A simple vision test using a stopwatch and a few flashcards may help parents and coaches screen young athletes for concussions, a small study suggests.
"In the youth leagues in particular, when there may not be doctors or athletic trainers on the sidelines when a kid gets hit, this enables parents with proper training to participate in the preliminary assessment of concussions," said study author Dr. Steven Galetta, a researcher at New York University Langone Concussion Center. "It's so affordable and easy to administer that any coach or parent could use it to determine when an injured child can return to the game and when they need to sit out."
Many injured athletes currently get a standard concussion assessment. These evaluations test coordination, using exercises like jumping jacks, and memory and cognitive function by asking athletes to memorize and recall short lists of words and quizzing them about simple facts like the date or the name of the president.
The current study focuses on an exam, the King-Devick test, that requires speed reading numbers on a card from left to right as quickly as possible. Numbers are arranged in pattens that are harder to read after a concussion, making the answers slower and less accurate after an injury.
At the start of the study, researchers tested 243 youth league hockey and lacrosse players, ranging in age from 5 to 17, and 89 college athletes, to see how quickly and accurately they could read the numbers on the cards.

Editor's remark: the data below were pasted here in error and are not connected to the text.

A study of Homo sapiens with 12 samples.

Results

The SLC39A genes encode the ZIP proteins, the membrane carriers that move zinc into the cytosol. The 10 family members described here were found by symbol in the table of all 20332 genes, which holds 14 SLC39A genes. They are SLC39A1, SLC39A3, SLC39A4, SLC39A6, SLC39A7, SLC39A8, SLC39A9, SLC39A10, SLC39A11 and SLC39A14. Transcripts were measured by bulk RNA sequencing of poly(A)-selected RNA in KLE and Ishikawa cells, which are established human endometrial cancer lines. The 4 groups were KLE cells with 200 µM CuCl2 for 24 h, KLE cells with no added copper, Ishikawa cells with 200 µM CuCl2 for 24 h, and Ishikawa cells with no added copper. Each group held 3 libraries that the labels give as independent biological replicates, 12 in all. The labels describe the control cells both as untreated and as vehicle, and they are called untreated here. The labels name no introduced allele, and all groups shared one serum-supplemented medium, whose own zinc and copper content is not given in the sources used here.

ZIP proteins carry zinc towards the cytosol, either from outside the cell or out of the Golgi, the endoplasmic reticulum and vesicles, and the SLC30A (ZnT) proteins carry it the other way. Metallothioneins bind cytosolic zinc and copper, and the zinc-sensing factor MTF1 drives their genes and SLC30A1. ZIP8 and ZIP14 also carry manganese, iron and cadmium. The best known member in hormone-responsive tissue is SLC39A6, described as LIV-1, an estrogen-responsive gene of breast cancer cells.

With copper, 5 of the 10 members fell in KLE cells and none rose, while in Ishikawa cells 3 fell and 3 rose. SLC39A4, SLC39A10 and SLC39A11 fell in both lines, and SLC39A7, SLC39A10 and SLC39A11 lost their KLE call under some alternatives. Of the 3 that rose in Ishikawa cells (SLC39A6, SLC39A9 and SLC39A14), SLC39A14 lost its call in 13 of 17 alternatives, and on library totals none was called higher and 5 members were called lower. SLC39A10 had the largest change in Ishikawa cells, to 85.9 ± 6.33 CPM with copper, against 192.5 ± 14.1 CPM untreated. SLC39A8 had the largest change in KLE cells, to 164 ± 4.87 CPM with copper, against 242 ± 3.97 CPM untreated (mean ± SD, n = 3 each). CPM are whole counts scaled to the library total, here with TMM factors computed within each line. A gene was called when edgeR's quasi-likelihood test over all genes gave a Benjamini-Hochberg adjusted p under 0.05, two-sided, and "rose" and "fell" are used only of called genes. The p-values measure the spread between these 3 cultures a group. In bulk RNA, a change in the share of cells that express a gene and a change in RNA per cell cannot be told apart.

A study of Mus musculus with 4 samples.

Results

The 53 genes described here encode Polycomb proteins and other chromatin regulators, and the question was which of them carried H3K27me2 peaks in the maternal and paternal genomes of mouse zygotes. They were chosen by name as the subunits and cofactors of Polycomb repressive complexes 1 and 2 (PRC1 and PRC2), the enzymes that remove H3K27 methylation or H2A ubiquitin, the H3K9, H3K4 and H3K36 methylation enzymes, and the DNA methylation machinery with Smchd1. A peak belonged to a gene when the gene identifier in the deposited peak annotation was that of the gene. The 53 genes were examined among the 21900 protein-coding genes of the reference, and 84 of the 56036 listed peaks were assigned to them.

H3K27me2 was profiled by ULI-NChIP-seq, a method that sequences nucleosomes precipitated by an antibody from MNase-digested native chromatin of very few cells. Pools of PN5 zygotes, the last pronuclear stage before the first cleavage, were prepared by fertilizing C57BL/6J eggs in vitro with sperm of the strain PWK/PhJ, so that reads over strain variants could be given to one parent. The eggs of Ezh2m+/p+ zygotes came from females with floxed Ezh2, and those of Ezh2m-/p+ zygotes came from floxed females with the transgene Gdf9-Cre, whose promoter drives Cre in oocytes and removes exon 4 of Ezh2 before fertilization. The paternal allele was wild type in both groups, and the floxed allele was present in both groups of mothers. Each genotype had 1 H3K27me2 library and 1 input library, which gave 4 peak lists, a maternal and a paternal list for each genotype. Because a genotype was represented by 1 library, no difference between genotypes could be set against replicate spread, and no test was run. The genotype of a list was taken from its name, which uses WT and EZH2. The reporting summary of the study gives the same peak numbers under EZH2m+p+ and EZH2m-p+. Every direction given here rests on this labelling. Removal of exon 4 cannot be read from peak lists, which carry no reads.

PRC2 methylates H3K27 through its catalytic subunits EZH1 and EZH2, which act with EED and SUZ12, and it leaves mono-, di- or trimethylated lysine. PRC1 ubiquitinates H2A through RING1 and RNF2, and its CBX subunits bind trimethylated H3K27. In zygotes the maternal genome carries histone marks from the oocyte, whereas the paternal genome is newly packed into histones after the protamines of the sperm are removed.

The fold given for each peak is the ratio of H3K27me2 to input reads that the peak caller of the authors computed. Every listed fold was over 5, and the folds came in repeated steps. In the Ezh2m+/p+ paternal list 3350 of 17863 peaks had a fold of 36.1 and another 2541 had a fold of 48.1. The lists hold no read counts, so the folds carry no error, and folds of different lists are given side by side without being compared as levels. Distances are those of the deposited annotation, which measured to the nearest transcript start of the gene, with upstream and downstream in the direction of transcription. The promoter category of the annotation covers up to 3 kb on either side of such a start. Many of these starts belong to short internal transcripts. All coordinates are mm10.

Later in the season, the researchers repeated the eye exams on 12 of those players who had concussions. Screened on the sidelines, these athletes' average time on the test was 5.2 seconds slower than the average time before the concussion.
But among 14 athletes who repeated the test after a game, but who hadn’t been injured, the average time on the test was 6.4 seconds faster than before, the researchers reported in the Journal of Neuro-Ophthalmology.
"A lay person can see if a kid gets hit, and then it's standard for them to remain out for that game, but this test gives you a way to measure the injuries you might not see and decide what to do when the kid says they're good to go back in the game and you don't know what really happened," said Dr. Laura Balcer, another author on the study and co-director of the concussion center at NYU.
The NYU researchers did a separate study looking at how concussions impact sight and found that visual performance tests can improve detection and management of concussions. Approximately half of the brain's circuits are related to vision and many of these pathways can be damaged by a concussion, the researchers found.
One advantage of the rapid vision test used in the study is that it's easy to administer with relatively little training, said Dr. Robert Dimeff, director of primary care sports medicine at the University of Texas Southwestern Medical Center in Dallas.
The hardest thing to control for in this test is the kids, he said. "You worry with a test like this that there will be some athletes who might go deliberately slower at baseline if they know it will be used against them to be pulled out of a game later," said Dimeff, who wasn't involved in the study.
"This vision test is one piece of the puzzle, not the only piece," Dimeff said. "For the 11-year-old youth league where you don't have any health professionals on the sidelines, it can help."